Facebook is facing a hard time with growth in India, which is one of its biggest markets outside of the United States. The company’s recent quarterly report highlighted the drop in users from India, citing high mobile data prices. But a new report from Reuters, citing another report, says that the platform has more than data prices to blame for this drop.
Facebook has come out with its own research that looks at the company’s business in the Indian market over the past few years and they seem to have chalked a set of issues that are far more complex than just high data prices.
The research was done by the Meta-owned platform, according to Reuters, suggests that women have moved away from Facebook, citing worries about their safety and privacy. It clearly states that women leaving Facebook will never help the platform succeed in India.
The other main reason for the possible slowdown of Facebook’s growth has been attributed to content riddled with nudity, which again seems to be pushing away users to other platforms. The report also mentions that a complex UI and lack of support for local languages could also keep users away from Facebook in the country.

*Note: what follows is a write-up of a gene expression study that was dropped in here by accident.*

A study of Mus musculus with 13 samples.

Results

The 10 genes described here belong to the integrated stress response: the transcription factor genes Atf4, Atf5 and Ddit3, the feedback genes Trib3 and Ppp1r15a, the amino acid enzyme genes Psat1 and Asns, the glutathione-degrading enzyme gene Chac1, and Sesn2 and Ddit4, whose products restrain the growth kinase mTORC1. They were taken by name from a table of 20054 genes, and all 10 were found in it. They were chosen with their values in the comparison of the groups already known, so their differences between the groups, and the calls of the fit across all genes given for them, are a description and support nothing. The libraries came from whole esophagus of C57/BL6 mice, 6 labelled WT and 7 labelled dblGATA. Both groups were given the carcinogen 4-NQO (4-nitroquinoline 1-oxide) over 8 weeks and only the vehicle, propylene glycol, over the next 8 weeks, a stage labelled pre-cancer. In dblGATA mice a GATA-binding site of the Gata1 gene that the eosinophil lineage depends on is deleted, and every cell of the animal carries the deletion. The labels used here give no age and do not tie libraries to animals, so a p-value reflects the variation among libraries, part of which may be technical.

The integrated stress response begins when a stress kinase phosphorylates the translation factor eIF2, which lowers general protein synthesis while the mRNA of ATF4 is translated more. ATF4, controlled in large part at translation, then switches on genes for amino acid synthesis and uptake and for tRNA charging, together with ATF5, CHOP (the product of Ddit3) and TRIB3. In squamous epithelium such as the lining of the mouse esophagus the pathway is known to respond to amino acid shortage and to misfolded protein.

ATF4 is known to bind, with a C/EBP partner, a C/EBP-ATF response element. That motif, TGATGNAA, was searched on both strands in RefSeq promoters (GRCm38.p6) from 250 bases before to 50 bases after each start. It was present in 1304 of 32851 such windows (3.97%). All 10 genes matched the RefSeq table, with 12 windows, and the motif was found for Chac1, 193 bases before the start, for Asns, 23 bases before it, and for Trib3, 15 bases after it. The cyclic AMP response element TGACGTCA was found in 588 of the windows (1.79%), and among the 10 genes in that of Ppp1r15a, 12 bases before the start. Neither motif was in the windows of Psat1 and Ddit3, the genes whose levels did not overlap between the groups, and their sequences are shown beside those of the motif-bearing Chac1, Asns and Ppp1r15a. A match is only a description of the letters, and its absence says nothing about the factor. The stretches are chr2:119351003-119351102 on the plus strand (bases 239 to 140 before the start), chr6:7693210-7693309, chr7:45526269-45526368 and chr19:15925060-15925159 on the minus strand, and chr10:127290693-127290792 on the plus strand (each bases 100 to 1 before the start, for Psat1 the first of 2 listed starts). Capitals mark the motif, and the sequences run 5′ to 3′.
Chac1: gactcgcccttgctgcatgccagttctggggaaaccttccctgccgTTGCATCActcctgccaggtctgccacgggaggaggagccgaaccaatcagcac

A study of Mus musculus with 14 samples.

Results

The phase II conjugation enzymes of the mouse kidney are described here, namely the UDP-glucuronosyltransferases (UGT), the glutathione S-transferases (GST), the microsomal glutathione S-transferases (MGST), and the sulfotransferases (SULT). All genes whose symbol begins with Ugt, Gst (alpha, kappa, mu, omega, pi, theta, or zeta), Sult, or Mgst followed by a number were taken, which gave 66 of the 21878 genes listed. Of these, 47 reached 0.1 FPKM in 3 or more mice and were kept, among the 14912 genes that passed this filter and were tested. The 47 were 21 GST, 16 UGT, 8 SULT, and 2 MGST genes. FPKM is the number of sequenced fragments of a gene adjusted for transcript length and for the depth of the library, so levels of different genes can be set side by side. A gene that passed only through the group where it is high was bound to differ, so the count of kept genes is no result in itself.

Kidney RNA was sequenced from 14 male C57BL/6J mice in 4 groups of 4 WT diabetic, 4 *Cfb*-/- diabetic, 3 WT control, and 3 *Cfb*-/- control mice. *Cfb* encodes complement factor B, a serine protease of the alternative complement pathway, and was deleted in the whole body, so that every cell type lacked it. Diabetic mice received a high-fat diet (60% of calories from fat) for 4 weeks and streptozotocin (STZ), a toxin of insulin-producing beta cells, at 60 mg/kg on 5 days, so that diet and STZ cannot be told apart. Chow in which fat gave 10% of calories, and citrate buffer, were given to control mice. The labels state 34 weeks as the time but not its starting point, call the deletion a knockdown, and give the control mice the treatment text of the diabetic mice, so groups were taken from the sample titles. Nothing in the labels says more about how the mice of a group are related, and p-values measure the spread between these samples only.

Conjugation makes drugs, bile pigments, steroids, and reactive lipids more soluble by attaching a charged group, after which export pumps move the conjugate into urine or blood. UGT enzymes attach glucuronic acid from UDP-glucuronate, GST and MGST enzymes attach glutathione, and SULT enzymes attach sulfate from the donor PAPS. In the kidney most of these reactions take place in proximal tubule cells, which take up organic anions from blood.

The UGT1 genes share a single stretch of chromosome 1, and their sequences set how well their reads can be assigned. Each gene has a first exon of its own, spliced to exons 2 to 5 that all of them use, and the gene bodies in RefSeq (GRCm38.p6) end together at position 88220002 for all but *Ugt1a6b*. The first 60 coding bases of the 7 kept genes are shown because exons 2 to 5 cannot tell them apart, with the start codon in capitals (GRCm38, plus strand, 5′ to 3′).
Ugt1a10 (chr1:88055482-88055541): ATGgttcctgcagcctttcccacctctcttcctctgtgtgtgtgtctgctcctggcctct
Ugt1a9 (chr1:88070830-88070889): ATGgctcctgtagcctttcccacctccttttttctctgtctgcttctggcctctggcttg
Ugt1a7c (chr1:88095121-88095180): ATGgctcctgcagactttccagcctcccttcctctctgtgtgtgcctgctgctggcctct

The other big takeaway from this report has to be the focus on youth in India, who now prefer platforms that are more video-driven rather than pushed to view textual content. Which explains the reasons for the growth of platforms like Snapchat and Instagram before TikTok was banned in the country.
Facebook has not talked about these details earlier this year, instead, it believes that the pandemic, high data costs and the lack of smartphone penetration could be the prime cause for its slow growth in the country. The social networking giant is looking to mend its ways after facing scrutiny from regulatory authorities from multiple countries.
Meta is on a mission to change the focus of the company, with Mark Zuckerberg spearheading the move into the metaverse. But for all its plans in the future, the platform needs to quickly fix the issues plaguing Facebook, or risk it becoming obsolete in the near future.